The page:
We’re just one day out from Sharks hockey making its return and the preseason has been spent with the hockey world at large reevaluating their preconceptions of the Sharks
For once, it feels like people are catching on that the Sharks are — and sorry to borrow this particular phrase — actually good. They’ve continued to defy expectations year after year and now they’ve added pieces that make them one of the strongest rosters in team history. Of course, those expectations often come from people who don’t otherwise seem to watch or care about the Sharks and their history.
We’ve been here, we know these players — well, most of them, anyway. Here are five bold Sharks predictions for the upcoming season.
The second line will have career years
Aren’t they overdue?
Logan Couture topped out at 67 points just four years ago. Last season, he hit 61. If he stays healthy — and with plenty of help from the blue line — seven more points seems possible. He also had a career-high 34 goals last year, good for 17th in the league, tied with players like Brad Marchand, Claude Giroux, Phil Kessel, Rickard Rakell and this guy you may have heard of named Auston Matthews.
Could Couture hit 40 goals? That’d put him in top ten territory. Jamie Benn notched 36 last year with the Dallas Stars, while Tyler Seguin put up 40, for comparison. It feels like a bit of a stretch, but even just three more goals would have had him tied for 12th overall last year with none other than John Tavares.
With Timo Meier and Tomas Hertl on his wings on the second line (only in name), there’s definitely a chance for some magic to happen. Meier’s underlying numbers have been good and he could have a major break out (as if 21 goals in a rookie season wasn’t enough of a break out on its own). Hertl notched 22 goals and 46 points last year, and both of these players are trending upward. This will be a high-scoring line, guaranteed to end at least one goaltender’s career by the time the season is over.
Martin Jones will have 40 wins
While the boys up front will be aided by the offensive output of the blue line, Martin Jones is still going to have a solid defense and a possession monster of a team in front of him.
In 2016, Jones had a career-high 37 wins and that team didn’t have nearly as much depth as this one does. Over the past three seasons, he’s had 65-65-60 starts — and last season, he was dealing with an injury, so the 65 starts can just about be expected once again.
It’s a bit of a team stat, really, but 40 wins out of 65 games with this team? It’s bold, but it feels doable.
Antti Suomela will make a quiet case for the Calder
That’s not to say he’ll be nominated, or even talked about for very long, but at some point this season, someone is going to say, “Could Suomela be a darkhorse for the Calder Trophy?”
It might never get brought up again after that and the biases against him (age, playing three seasons with Liiga, playing in the Pacific Division and not being named Connor McDavid) will certainly keep the 24-year-old from being more than a blip on the radar, but he’ll have a hot streak this season that will be fun as hell and entirely unsustainable.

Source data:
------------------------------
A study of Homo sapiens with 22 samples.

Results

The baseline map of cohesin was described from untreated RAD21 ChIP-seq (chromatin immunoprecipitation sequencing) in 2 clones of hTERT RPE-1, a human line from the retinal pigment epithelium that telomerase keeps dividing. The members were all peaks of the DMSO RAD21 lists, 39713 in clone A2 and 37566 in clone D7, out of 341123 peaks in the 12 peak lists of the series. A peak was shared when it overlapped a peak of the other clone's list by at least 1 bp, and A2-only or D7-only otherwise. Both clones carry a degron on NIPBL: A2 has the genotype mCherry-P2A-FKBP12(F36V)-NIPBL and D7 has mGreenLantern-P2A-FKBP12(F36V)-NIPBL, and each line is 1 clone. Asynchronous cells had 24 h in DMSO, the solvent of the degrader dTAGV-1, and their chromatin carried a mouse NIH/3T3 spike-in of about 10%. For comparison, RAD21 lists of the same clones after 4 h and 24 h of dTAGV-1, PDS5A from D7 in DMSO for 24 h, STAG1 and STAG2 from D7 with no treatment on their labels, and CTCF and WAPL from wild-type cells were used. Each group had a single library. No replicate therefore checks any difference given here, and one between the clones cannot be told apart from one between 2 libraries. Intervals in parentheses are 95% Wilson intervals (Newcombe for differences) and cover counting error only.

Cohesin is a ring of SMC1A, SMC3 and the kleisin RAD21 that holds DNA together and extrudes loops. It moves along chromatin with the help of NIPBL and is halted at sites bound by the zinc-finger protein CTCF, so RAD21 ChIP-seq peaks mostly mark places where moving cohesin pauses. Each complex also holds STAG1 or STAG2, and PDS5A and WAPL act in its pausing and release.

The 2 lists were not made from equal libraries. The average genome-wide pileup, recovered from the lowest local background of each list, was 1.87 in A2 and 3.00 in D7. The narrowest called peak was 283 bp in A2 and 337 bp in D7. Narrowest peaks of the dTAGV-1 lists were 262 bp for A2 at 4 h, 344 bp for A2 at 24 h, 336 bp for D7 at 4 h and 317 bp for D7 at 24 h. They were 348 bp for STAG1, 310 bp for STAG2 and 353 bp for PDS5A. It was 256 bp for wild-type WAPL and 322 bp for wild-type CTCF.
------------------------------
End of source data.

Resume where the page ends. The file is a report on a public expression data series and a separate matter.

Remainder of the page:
The Sharks will lose one game against Ottawa
...and it will probably be in San Jose.
The Sharks head out to Ottawa on December 1, where they’ll have two days of recovery after the short drive from Toronto. The Senators will be in the middle of a four-games-in-six-nights stretch, coming off a four-game road trip before playing the New York Rangers at home and taking one day of rest. The Sharks should take this one.
But the script gets flipped when the Senators come to San Jose in January. The Sharks will be in the middle of a five-games-in-eight-nights stretch, having just traveled to Vegas two nights prior. Ottawa will have a back-to-back against the Anaheim Ducks and Los Angeles Kings, but will have a day of rest and ultimately, a much lighter work week. The Sharks might drop this one against what may be the worst team in the league this season.
The Sharks will win the Presidents’ Trophy
Perhaps the boldest prediction in this list — the Sharks will have the most points in the National Hockey League.
But is it that bold? The Sharks have maintained a lot of regular season success, only missing the playoffs six times in their entire 27-season history and four of those were in their first six years as a franchise (because you’re supposed to suck for a while, okay, Vegas?). They’ve only won the Presidents’ once, in 2009 with 117 points.
Most analytics models have the Sharks somewhere around 100 points this season. And while these models are generally very effective, sometimes there are things they can’t measure: take, for example, the Vegas Golden Knights making it to the Stanley Cup Final in their first year, despite having a roster that was pretty far from the optimal roster they could’ve made in the expansion draft. Is the presence of Erik Karlsson and the weight of making that trade enough to push the Sharks past what the numbers tell us they’re capable of? Is it enough to earn them eight to ten more wins and push them above powerhouse teams in the East?
And if so, is it enough to push them past the Presidents’ Trophy curse?
Who’s to say? But I’ve got a good feeling.